A Conventional Viewpoint: The Armenian Community at the Democratic and Republican National Conventions

An Interview with Khatchik Mouradian

From August 25 to 28, and again from September 1 to 4, our sister publication the Armenian Weekly, provided daily coverage, first, from the Democratic National Convention in Denver Colorado and then Republican National Convention in St. Paul Minnesota.

The Armenian Weekly, and the Armenian National Committee of America were fully credentialed for both conventions. Having set up special election blogs for both events, the Armenian Weekly offered daily coverage of both conventions, including interviews with Democratic and Republican officials and other tidbits from both sides of the isle.

Below is an interview with Khatchig Mouradian about his experience blogging at the conventions.

Allen Yekikan: Talk about the importance of Armenian-American Media being at the Democratic and Republican National Conventions.

Khatchig Mouradian: Thousands of journalists and bloggers covered the Democratic and Republican National Conventions, including a few ethnic newspapers. For the first time, an Armenian newspaper, the Armenian Weekly, was present at both Conventions and provided daily coverage.

Covering the Conventions gave us the opportunity to share with our readers an Armenian perspective on the proceedings, and on the other hand, raise the concerns of the Armenian-American community in our interviews and discussions with Congressmen and political leaders. In our interviews and meetings, we discussed the importance of the ethnic vote in the Presidential election, the Armenian Genocide Resolution, Foreign Aid to Armenia, the Karabakh conflict and other issues of important for Armenian-Americans. But we also went beyond that and asked the Congressman and delegates about the presidential and vice-presidential candidates and their vision for the country.

Conducting dozens of interviews and meeting with Congressmen, delegates and renowned political commentators constituted the bulk of the work the Armenian Weekly did, in coordination with the ANCA, at the Convention. We also had an opportunity to talk to local Armenian activists in Denver and St. Paul and sharing their own experiences with our readership.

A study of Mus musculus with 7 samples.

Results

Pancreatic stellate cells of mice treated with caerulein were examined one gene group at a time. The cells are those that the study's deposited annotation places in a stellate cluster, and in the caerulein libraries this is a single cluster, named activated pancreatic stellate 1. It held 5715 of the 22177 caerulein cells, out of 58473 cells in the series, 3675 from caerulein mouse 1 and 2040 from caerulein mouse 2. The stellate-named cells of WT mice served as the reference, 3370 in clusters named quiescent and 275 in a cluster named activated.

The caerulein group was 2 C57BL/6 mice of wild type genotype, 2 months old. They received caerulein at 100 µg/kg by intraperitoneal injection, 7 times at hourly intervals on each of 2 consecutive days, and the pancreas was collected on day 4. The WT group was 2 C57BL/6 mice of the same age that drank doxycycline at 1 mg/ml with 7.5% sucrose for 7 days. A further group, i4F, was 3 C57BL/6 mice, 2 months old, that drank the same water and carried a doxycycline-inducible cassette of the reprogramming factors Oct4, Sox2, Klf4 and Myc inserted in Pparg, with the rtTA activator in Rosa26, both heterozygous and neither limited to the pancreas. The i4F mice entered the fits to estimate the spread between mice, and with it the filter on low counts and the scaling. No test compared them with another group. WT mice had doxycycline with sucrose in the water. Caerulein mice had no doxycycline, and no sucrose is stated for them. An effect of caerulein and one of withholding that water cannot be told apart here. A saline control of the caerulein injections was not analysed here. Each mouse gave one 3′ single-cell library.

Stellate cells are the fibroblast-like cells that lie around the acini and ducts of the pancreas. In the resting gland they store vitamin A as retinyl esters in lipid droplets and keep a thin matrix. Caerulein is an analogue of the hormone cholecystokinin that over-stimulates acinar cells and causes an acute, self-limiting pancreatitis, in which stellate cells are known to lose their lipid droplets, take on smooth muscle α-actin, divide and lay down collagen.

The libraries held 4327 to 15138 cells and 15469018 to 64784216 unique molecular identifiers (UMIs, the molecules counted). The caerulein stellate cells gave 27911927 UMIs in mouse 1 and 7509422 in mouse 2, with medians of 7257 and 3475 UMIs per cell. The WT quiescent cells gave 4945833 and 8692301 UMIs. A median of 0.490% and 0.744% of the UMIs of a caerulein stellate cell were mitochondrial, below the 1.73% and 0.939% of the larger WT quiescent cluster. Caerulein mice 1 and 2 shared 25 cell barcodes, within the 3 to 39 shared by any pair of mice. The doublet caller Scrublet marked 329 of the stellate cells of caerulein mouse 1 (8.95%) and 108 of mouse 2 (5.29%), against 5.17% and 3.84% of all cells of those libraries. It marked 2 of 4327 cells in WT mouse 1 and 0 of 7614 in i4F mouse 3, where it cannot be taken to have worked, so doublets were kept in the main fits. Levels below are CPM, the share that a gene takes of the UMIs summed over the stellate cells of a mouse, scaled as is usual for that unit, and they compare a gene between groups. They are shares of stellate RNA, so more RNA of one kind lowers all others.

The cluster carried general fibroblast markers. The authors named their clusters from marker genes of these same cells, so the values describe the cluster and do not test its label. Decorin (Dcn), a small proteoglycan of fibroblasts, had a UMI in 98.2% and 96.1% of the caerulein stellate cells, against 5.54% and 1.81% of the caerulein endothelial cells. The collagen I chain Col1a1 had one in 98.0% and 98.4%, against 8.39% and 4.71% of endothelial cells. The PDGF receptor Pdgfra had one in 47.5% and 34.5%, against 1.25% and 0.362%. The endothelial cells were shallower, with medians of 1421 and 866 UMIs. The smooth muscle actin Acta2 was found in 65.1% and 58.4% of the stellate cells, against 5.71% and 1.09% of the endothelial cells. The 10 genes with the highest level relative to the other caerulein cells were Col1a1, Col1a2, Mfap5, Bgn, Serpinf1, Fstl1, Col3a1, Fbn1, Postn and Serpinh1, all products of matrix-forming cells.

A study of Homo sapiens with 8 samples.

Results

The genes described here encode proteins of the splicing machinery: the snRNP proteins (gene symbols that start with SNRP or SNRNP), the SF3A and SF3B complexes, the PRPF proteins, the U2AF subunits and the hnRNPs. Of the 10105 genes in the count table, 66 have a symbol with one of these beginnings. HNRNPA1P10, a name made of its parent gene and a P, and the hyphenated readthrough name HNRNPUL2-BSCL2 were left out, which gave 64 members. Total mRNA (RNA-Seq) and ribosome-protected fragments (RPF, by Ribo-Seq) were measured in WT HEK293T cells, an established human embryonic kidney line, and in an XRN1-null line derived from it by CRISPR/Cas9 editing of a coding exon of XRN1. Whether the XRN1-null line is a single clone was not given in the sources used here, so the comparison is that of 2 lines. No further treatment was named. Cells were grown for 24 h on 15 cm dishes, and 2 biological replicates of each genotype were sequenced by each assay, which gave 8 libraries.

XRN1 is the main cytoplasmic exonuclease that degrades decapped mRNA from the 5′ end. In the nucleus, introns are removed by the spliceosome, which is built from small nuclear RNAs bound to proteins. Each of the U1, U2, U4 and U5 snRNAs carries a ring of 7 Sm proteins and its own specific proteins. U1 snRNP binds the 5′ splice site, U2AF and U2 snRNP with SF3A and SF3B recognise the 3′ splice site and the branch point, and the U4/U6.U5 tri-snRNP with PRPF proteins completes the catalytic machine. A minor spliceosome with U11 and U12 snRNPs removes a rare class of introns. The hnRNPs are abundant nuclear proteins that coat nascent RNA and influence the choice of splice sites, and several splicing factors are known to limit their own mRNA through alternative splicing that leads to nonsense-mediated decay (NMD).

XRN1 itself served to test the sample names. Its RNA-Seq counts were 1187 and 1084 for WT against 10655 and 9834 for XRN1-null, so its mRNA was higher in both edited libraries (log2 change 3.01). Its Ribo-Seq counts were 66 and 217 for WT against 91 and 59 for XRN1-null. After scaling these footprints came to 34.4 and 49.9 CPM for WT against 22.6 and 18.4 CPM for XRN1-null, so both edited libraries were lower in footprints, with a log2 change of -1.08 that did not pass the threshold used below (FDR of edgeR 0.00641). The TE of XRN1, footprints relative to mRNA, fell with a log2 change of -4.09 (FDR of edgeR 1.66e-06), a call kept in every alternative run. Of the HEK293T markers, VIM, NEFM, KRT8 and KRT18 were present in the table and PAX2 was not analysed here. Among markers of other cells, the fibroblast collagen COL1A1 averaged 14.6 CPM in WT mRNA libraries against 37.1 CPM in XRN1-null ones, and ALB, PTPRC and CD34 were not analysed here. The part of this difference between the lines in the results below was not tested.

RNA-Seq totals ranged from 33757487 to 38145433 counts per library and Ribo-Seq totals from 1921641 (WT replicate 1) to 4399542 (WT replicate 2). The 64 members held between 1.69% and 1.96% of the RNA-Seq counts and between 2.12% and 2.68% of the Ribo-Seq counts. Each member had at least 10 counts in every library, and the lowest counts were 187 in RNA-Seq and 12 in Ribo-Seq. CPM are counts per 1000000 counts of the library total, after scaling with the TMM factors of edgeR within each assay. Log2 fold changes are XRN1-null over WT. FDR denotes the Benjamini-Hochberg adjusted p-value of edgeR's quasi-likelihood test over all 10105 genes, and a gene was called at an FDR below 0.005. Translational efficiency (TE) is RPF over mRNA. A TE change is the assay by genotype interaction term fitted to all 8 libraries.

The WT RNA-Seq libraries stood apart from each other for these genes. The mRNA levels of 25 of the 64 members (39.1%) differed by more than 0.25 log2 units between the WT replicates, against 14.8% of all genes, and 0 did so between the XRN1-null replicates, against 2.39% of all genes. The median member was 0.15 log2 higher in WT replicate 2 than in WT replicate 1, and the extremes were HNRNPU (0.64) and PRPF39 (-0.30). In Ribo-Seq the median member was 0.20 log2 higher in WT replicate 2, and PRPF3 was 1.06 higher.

A.Y.: Why create a blog to cover the conventions?

K.M.: The blog was a novel idea for an Armenian newspaper. To be fair, there are many successful Armenian blogs, but few, if any, Armenian newspaper around the world have set up blogs and provided rich daily coverage of events there. We decided to use blogs because it was a fast and efficient way of getting the news out. The response we have received has far exceeded our expectations and we have decided to blog from other venues as well in the future.

A.Y.: How did the Armenian community participate at each convention?

K.M.: Representatives from the ANCA attended both the DNC and RNC. ANCA Executive Director Aram Hamparian and ANCA Easter Region Executive Director Karine Birazian, as well as Ani Hagopian from Armenians for Obama were at the DNC; ANCA Legislative Affairs Director Raffi Karakashian was at the RNC. They met with party representatives and Congressmen as well as attended various events and meetings, like the Ethnic Council meetings at the DNC.

A.Y.: Talk about the importance of the Armenian-American vote and the importance for our community to be involved in politics.

K.M.: The Armenian-American vote is as important as Armenian-Americans themselves consider it to be. If the community participates actively in the political process (not just in elections), then it can realize its full political potential and have a greater say in what goes on here in our country on all levels, from the towns and counties to Congress and the White House.

Having said that, I have to note that the Armenian-American presence from Town and City Councils to State Senates is not representative of the true political potential of the community. We can do better.

The combined number of Armenian delegates at the DNC and the RNC did not exceed 20. Nearly half of those were from states where there are no sizable Armenian communities. It was a pleasure talking to some of these delegates and seeing how they are passionate both about their political party and the Presidential election as well as issues of concern to Armenian-Americans. The Armenian Weekly interviewed some of these delegates and shared their insights with the readers.

A.Y.: What can we do different for the 2012 DNC/RNC?

K.M.: We could have more activists involved in distributing literature on Armenia, Artsakh and the Armenian Genocide Resolution at the Conventions. I noticed a few other groups and lobbies actively involved in that. There is no reason why we shouldn’t be as well. The Conventions bring together the rank and file of party loyal and we can do more than just interact with the leadership. Ii would also be great to have a bigger Armenian-American media presence.

A.Y.: How do you think Armenians will be voting come November? Do you think Republican Armenians will cross over and vice-versa?

K.M.: I do think the general enthusiasm in the nation has also generated enthusiasm in our community. Armenian-Activists and Armenian-Americans in general tend to vote for candidates who are supportive of their issues, and this year, they will probably vote for the Obana/Biden ticket in even higher numbers.

Although the Obama/Biden ticket is clearly the best choice for Armenian-Americans, many conservative Armenians I know continue to support the McCain/Palin ticket and manage to justify their choice one way or the other. Difference of opinion is a good thing, of course. What bothers me is the thought that some Armenians-Americans, like some other Americans, might refrain from voting for Obama for reasons that have more to do with race than politics.